Domestic Partners Win Company Benefits

Hesitation among companies about including same-sex partners in health insurance programs is slowly eroding

By , Staff writer of The Christian Science Monitor

AT one time, AT&T considered altering its benefits package to add health insurance for employees' long-term ``domestic partners'' - but decided against it.

``It was explored because it's a 1990s issue,'' says spokesman Burke Stinson. Executives at the New York-based company decided that ``AT&T would not be at the point of the march.''

But thanks to a Central Texas county, AT&T and the rest of the world now know that the march toward health insurance for unmarried domestic partners, homosexual or heterosexual, is well under way among United States employers.


Apple extends health insurance to same-sex domestic partners, which led county commissioners to deny a tax break for the proposed facility. One commissioner said he did not want to be called ``the man who brought homosexuality'' to Williamson County.

However, noting that ``the point has been made,'' the commissioners Tuesday passed a face-saving, alternative tax break to land the Apple facility, along with its 1,700 jobs, $52 million payroll, and $300 million in spinoff benefits. Policies more common

Chances are, Apple will not be the last company with a domestic-partner policy that Williamson County recruits.

A. Foster Higgins & Co., a benefits consulting company, found that 8 percent of the 2,448 employers it surveyed already offer health benefits to domestic partners. Another 2 percent are considering doing so, says Mark Wagoner, managing consultant in the firm's San Francisco office.

Yet Linda Bennett, managing editor of Compensation & Benefits Review magazine in New York, questions whether domestic-partner benefits will ever ``go mainstream.''

``There's an awful lot of resistance to the idea of officially recognizing a relationship other than marriage,'' Ms. Bennet says. She says she doubts that employers want to grapple with ``the moral implications'' of conveying ``apparent societal approval.''

Levi Strauss adopted a domestic-partner benefits policy 18 months ago, for both same-sex and opposite-sex couples. ``We're not trying to say one lifestyle is right or one lifestyle is wrong,'' spokesman Dave Samson says. ``We have a corporate policy that says we will not discriminate against our employees on any basis. We had an inconsistency.''

Mr. Samson says that the ``inconsistency'' was called to the company's attention by its experience in states like Texas, which recognize common-law marriages. A common-law spouse can claim spousal benefits from a company whether or not that company has a domestic-partner policy.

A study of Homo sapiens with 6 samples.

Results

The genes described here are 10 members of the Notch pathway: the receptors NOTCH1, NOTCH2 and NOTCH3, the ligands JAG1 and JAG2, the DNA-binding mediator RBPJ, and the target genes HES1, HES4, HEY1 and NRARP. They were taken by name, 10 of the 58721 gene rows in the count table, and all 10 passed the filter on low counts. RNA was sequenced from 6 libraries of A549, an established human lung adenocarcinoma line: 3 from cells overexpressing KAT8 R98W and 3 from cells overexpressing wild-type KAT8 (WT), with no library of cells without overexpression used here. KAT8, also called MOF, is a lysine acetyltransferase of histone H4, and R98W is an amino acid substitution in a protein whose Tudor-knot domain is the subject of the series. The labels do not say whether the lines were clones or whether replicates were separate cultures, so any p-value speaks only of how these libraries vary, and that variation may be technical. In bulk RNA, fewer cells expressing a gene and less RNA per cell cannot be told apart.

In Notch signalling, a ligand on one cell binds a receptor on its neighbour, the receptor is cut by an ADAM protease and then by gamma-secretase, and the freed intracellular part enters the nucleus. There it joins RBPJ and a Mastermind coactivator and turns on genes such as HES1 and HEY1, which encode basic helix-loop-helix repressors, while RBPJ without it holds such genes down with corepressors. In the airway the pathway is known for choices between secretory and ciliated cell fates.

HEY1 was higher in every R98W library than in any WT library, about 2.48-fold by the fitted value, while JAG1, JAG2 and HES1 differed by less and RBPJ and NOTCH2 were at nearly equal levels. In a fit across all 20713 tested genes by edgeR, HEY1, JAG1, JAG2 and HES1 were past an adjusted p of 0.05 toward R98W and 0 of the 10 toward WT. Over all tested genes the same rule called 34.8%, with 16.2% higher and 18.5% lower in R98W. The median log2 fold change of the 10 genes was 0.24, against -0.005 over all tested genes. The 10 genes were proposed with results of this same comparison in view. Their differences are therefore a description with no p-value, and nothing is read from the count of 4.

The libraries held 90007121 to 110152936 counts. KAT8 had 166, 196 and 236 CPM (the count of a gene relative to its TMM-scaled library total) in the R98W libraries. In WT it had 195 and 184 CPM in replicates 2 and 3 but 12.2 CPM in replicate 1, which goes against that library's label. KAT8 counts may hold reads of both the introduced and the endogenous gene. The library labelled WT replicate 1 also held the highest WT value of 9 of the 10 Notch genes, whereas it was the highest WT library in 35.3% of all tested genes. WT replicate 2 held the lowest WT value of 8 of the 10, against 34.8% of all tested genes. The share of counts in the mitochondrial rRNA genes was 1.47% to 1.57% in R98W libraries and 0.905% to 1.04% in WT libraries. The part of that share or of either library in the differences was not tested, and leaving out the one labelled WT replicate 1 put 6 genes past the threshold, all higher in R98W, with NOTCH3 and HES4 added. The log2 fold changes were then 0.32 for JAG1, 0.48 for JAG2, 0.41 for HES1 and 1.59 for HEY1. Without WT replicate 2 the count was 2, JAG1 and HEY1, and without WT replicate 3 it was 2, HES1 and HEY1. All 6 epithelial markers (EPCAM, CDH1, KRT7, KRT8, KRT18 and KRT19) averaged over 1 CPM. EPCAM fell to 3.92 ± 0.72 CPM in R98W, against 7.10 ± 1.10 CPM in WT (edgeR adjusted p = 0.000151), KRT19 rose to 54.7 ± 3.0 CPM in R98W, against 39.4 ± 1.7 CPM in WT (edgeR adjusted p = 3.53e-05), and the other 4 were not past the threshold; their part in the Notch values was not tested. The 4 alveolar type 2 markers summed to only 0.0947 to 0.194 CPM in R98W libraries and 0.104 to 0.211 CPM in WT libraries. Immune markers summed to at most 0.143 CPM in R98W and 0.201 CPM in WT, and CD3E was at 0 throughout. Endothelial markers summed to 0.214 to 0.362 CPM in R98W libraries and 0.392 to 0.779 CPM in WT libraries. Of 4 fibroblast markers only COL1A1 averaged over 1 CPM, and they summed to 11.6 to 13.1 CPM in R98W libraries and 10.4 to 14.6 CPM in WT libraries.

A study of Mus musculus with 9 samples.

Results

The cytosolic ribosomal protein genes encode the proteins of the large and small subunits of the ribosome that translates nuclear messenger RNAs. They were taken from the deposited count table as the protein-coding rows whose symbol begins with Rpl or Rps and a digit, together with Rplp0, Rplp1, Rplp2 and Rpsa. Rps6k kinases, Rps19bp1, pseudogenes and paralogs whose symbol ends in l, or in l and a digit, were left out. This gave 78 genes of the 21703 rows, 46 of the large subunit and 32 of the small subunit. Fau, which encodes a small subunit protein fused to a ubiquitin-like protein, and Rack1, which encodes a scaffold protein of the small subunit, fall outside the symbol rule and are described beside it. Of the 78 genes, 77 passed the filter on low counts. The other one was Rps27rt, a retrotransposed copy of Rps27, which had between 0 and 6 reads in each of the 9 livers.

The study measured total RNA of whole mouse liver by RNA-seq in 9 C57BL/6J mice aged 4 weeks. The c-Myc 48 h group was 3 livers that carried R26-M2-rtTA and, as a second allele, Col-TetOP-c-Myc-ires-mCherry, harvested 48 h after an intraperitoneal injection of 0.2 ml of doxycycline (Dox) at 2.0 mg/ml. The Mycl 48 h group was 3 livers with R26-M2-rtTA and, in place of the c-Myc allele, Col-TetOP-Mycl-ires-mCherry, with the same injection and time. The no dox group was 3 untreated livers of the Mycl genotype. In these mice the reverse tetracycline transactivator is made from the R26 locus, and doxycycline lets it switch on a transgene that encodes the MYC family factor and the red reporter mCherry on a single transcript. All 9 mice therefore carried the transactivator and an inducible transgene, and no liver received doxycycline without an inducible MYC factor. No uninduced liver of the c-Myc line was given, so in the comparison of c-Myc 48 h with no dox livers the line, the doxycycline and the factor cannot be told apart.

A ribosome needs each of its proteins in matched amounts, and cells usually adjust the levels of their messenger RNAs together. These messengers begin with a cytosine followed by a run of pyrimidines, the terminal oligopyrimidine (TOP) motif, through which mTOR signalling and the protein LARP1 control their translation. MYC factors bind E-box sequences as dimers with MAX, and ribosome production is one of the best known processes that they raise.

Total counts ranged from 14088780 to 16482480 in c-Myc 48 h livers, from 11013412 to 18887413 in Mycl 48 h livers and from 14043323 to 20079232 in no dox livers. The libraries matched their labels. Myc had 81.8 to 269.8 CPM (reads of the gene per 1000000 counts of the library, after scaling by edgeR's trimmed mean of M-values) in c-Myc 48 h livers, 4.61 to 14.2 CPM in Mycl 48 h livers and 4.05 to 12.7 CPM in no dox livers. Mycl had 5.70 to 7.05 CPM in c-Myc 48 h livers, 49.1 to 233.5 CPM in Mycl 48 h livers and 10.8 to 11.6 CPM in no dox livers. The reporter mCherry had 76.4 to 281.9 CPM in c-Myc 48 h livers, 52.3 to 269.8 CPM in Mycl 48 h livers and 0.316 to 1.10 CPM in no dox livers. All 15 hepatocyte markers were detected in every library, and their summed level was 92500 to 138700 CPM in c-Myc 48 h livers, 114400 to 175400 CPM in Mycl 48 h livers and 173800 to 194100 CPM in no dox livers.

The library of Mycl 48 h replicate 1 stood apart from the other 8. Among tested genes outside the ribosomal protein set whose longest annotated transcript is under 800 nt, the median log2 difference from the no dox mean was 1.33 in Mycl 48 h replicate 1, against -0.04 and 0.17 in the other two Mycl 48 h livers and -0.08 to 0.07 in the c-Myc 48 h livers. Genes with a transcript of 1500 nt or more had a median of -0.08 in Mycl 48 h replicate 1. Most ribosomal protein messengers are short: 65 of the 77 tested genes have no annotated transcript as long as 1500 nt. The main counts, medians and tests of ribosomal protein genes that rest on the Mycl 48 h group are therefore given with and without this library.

Only 1.5 percent of Levi Strauss's 34,000 worldwide employees have signed up for domestic-partner benefits. Samson says that percentage is a mix of same-sex and opposite-sex couples. Wagoner adds that at most companies, no more than 5 percent sign up. Convincing the insurer

But at Next Computer in Redwood City, Calif., up to 10 percent of the employees take advantage of domestic-partner benefits, even though the benefits apply only to opposite-sex couples. The high-tech firm was the second company in the country to offer such benefits.

``We've been a little behind the times with respect to gay partners because we've been unable to convince our insurer that that's what we want to do until recently,'' says Paul Bianchi, director of human resources at the 250-employee firm. The company's insurance provider, Great West Life Insurance of Englewood, Colo., has agreed that coverage may be extended to same-sex couples starting in February.

Insurance companies are always reluctant to get into something new, notes Loralie Van Sluys, who researched domestic-partnership issues for Hewitt Associates, a benefits consulting firm in Lincoln, Ill.

``As more experience is coming to the fore, they're finding out that experience with domestic-partner coverage is no worse, no better, than for any other group,'' Ms. Van Sluys says. For instance, concerns that same-sex couples would be at higher risk of AIDS have so far proven groundless.

To confirm that the relationships are long term, the employers -

or the employers' insurer - require the employee and domestic partner to execute an affadavit. The affadavits may require proof of financial interdependence, such as a joint checking account, although both Levi Strauss and Next say they take their employees at their word.

One disincentive for eligible employees is the fact that the Internal Revenue Service does not recognize domestic partners as eligible dependents. Thus, the health premium the company pays to cover the domestic partner is imputed income to the employee, costing him or her $80 to $100 a month in federal taxes.

``That's a pretty expensive proposition,'' Mr. Bianchi says.